Be Happy, Feel Beautiful
In today’s day and age, electronics seem to be the ever-present, ever-advancing forces that navigate us through life. While technology and urban centers are, in a way, the reflection of Man’s ability and mind, they can put our innate skills to sleep by allowing us to use technology as a crutch: our lives have become increasingly dependent on technology and less integrated with nature and our natural abilities.
That isn’t to say that technology is the arch-enemy of nature. On the contrary, journalist and author Richard Louv wrote in one of his blogs, “technology is an entry tool to nature”. Thanks to man-made products like the compass, tent, microscope, binoculars, camera and more, we are able to appreciate nature, record it, and live in it. So where does one draw the line?
According to Louv’s observations, human capacities and senses are enhanced through the power of nature. Louv’s The Nature Principle discusses how the “restorative powers of the natural world can boost mental acuity and creativity; promote health and wellness.” The basic idea is that by connecting with nature, we are connecting with and developing our natural senses—our raw humanity—which results in a feeling of wholeness and fulfillment.
In his book Last Child in the Woods, Louv coined the term Nature-Deficit Disorder. Originally NDD was used to describe children’s growing gap from nature: for example, some children may choose to stay indoors and play video games instead of going outside and activating their innate senses. In The Nature Principle, Louv expands the concept of NDD to include adults as well.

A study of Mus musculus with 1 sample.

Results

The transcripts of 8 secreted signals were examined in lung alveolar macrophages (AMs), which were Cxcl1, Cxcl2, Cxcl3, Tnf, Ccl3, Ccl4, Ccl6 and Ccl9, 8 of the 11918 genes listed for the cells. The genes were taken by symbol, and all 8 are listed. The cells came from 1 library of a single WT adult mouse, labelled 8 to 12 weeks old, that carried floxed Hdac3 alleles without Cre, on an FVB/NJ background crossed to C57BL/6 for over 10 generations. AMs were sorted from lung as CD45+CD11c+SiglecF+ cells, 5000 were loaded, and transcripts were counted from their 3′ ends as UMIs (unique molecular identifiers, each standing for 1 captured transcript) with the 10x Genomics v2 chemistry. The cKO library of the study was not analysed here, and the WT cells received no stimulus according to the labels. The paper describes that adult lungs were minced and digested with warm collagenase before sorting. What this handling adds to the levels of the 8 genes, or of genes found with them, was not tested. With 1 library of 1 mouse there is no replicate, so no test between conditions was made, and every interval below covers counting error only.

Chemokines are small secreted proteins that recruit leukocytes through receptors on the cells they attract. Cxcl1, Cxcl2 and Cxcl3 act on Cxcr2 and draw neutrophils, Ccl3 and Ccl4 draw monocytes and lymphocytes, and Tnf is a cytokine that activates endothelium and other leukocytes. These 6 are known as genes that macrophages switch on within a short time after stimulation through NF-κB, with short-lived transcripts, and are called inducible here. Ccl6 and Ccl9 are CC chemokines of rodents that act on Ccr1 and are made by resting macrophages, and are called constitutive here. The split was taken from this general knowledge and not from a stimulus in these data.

In his article “Get Your Mind Dirty” for Outside Magazine, Louv wrote:
“While the study of the relationship between mental acuity, creativity, and time spent outdoors is still a frontier for science, new data suggests that exposure to the living world can even enhance intelligence. At least two factors are involved: first, our senses and sensibilities can be improved by spending time in nature; second, the natural environment seems to stimulate our ability to pay attention, think clearly, and be more creative.”
The Toronto Star reported that, for some patients suffering from stress or depression, Dr. Conrad Sichler suggested a walk through the woods as a “prescription”. Sichler claimed that the great outdoors were an outlet for patients to escape their daily and often chaotic responsibilities: he viewed time outside as a way for patients to get “in touch with a sense of beauty and reverence that can enhance their mental and emotional health.”
But beyond the emotional benefits of nature, there are undeniable physical perks as well:
Sea Breeze: Next time you’re by the ocean, try to pay attention to your breathing. Inhaling salty air or steam actually reduces irritation, stimulates secretion, and cleanses cells in the respiratory system. So next time you’re by the sea, breathe deep!
Sun Kisses: The sun promotes vitamin D synthesis in the skin. This means that just by being in the sunlight, you’re soaking up some vitamin D, an essential nutrient which allows for the absorption of calcium and phosphorus.
“Green Exercise”: Now that it’s summer, skip the treadmill and jog outdoors. Not only does the spontaneous terrain offer a challenge, but the atmosphere does wonders for the mind. Jules Pretty and Jo Barton released a study in Environmental Science & Technology that focused on “green exercise”—physical activity carried out in nature. It was observed that five minutes of exercise outdoors benefits mental health by decreasing the risk of mental illness.
Are we ourselves a biological reflection of the enormous concept of nature, and if so, is it healthy to separate ourselves from that which we were formed? Is it in our physical well-being’s best interest to be surrounded with electronics and man-made structures? These questions are open-ended, and answers remain at the mercy of Time as we observe the emotional, cognitive, and physical effects of this technologically-savvy era on the human being.